Pop-ups are now woven in as a holiday tradition in Chicago, but the city’s vibrant pop-culture pop-up bar scene has taken a hit during the pandemic; its watering holes and drinking spots are struggling to survive. Despite the challenges facing the city’s bars, some local spots are finding creative was to leverage pop-up prowess to have some seasonal fun. Among them is Replay Lincoln Park, an arcade bar that’s become one of the most prolific pop-up venues in town.
Replay is hosting two Christmas drive-in pop-ups, the Holly Jolly Drive-In in Lincoln Park and Miracle on West Madison in West Loop. Patrons, who spend the duration of the event secured inside their cars, are greeted by costumed characters like Santa, Mrs. Claus, and the Grinch, and watch a classic Christmas movie like Rudolph the Red-Nosed Reindeer. Customers can also order snacks and cocktails (for non-drivers) via 2ndKitchen, an ordering app popular at Chicago taprooms like Right Bee Cider in Hermosa. More details are available on the events’s respective websites.
Reply owner Mark Kwiatkowski says he was inspired by a drive-in haunted house in Tokyo — an approach that allows for an immersive yet socially distanced experience. He tested it out at Halloween in the alley behind the Lincoln Park bar, bringing in performers in scary costumes to terrorize car-bound customers for half an hour. Chicagoans embraced the unusual pop-up, which sold out the last three weeks of its run.
In addition to creating a much-needed revenue stream, Kwiatkowski says the events give his employees and team of pop-up artists a chance to pick up hours despite the pandemic restrictions. “We want to do anything we can in this difficult time to keep employees [working],” Kwiatkowski says. “We can hopefully stock away some money because I think we’re going to be very restricted for a few more months at least.”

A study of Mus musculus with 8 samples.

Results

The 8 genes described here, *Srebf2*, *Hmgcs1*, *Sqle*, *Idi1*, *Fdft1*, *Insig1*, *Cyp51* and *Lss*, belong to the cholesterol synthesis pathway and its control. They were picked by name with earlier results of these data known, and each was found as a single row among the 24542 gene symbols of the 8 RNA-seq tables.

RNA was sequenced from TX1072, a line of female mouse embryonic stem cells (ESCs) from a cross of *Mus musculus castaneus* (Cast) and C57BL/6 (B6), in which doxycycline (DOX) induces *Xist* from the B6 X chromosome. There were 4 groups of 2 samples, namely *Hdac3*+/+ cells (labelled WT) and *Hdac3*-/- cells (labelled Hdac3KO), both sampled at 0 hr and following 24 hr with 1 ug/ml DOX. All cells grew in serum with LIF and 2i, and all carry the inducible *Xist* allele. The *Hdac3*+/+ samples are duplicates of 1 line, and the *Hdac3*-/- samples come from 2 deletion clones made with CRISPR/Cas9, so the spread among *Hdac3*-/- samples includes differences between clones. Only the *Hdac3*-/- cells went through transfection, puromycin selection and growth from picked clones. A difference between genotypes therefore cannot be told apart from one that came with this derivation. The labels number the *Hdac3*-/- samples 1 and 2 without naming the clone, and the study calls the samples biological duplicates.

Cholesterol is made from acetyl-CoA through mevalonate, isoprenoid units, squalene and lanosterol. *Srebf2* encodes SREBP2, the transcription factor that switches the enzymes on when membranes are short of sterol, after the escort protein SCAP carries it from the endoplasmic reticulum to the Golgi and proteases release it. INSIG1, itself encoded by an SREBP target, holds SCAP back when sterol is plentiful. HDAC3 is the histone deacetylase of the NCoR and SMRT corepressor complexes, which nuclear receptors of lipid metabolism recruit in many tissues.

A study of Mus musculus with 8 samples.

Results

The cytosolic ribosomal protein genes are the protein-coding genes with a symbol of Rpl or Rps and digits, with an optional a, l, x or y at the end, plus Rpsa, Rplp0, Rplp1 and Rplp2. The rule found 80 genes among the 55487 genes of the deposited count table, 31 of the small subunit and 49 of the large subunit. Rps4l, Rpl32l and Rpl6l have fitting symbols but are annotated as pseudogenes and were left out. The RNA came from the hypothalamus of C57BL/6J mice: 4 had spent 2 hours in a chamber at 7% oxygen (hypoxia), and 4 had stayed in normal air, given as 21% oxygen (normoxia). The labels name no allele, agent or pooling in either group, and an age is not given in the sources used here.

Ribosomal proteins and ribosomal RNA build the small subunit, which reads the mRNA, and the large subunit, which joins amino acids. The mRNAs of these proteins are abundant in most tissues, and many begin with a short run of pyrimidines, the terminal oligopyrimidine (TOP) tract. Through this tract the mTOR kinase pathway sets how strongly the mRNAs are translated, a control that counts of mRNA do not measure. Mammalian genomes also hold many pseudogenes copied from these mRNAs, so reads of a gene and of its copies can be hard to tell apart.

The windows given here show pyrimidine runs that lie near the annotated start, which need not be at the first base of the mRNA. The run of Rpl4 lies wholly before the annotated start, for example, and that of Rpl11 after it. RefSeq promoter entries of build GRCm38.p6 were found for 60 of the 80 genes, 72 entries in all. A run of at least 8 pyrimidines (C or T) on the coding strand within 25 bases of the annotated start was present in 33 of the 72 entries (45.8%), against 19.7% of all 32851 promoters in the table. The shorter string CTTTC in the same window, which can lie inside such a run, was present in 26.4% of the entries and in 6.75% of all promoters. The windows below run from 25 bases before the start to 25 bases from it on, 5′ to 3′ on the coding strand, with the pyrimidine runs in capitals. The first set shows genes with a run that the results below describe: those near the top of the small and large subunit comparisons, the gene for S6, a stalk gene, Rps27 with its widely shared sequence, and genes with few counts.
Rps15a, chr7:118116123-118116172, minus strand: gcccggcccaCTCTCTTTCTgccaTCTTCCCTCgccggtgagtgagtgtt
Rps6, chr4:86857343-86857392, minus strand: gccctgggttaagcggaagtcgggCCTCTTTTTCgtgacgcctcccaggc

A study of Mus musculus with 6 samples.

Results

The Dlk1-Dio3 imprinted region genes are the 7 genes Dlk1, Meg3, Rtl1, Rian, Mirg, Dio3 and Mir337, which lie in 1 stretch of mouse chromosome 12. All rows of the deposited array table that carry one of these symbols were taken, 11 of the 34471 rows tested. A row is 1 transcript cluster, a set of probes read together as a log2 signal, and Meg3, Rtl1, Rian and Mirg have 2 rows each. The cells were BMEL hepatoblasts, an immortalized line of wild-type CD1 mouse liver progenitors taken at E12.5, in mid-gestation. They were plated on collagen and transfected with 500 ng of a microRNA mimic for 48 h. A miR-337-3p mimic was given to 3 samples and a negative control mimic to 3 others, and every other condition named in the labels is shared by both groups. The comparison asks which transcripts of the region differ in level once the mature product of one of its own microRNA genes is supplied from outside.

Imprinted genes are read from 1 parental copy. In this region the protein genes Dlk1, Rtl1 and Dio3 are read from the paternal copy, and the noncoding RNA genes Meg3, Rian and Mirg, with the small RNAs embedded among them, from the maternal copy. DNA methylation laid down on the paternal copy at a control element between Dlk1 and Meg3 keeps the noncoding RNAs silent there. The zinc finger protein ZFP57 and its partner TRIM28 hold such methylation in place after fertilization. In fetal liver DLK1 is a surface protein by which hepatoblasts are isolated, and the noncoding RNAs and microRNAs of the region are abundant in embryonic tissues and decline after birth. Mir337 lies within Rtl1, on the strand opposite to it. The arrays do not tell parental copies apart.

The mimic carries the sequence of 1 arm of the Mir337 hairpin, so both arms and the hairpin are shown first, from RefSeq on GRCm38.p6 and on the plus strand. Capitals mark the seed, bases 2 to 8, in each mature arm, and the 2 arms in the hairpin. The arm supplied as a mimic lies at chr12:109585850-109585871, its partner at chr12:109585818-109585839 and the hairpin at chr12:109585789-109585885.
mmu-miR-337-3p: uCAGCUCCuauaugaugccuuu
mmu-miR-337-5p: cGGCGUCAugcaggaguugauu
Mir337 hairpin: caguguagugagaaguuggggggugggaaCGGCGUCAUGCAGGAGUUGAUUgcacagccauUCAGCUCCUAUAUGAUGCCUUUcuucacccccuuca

Replay hasn’t been the only pop-up game in town during the pandemic: the Sixth in Lincoln Square launched a Honey, I Shrunk the Kids-themed outdoor event in August with oversized props like six-foot tall toy dinosaurs to make patrons feel tiny. Director Kevin Smith and actor Jason Mewes, the team behind movies like Clerks and Jay and Silent Bob Strike Back, brought their Mooby’s pop-up to West Loop in November.
Chicago isn’t the only place that’s caught the holiday pop-up spirit. LA has appropriated Home Alone, a movie that takes place in Chicago’s North Shore. But without snow and real tavern-style pizza, the pop-up feels more of a tribute to Home Alone 3. That’s the first one without Macaulay Culkin. Merry Christmas, you filthy animals!
In other news...
— Wallace’s Catfish Corner, a soul food restaurant and one-time community anchor on Chicago’s West Side, has sat boarded up for about five years at 2800 W. Madison Street — a crumbling manifestation of ongoing disenfranchisement and divestment in the area. Probublica Illinois shares the restaurant’s messy history and the legacy of systemic failures that decimated a once-thriving business district.
— The family behind late-night burrito spot La Pasadita in West Town is selling its building because of financial pressures brought on by the pandemic, according to Block Club Chicago. The Ashland Avenue property is the last remaining establishment of the three restaurants they once operated near Ashland and Division. While a buyer would like build housing, ownership is hopeful the restaurant could remain.
— Modern Indian restaurant ROOH will donate 5 percent of net sales for its holiday dinners to Streetwise, a non-profit that emerged from a newspaper that offers employment opportunities to people experiencing homelessness and poverty.
— 2Twenty2 Tavern in the Loop is celebrating the Christmas season by collecting food for the Greater Chicago Food Depository and toys for Toys for Tots Chicago. Toy donations are down by nearly 50 percent, operators wrote on Twitter, and the holiday is fast-approaching. Drop off donations every Wednesday from 3 p.m. to 8 p.m. through December 23 at 222 S. Wabash Avenue.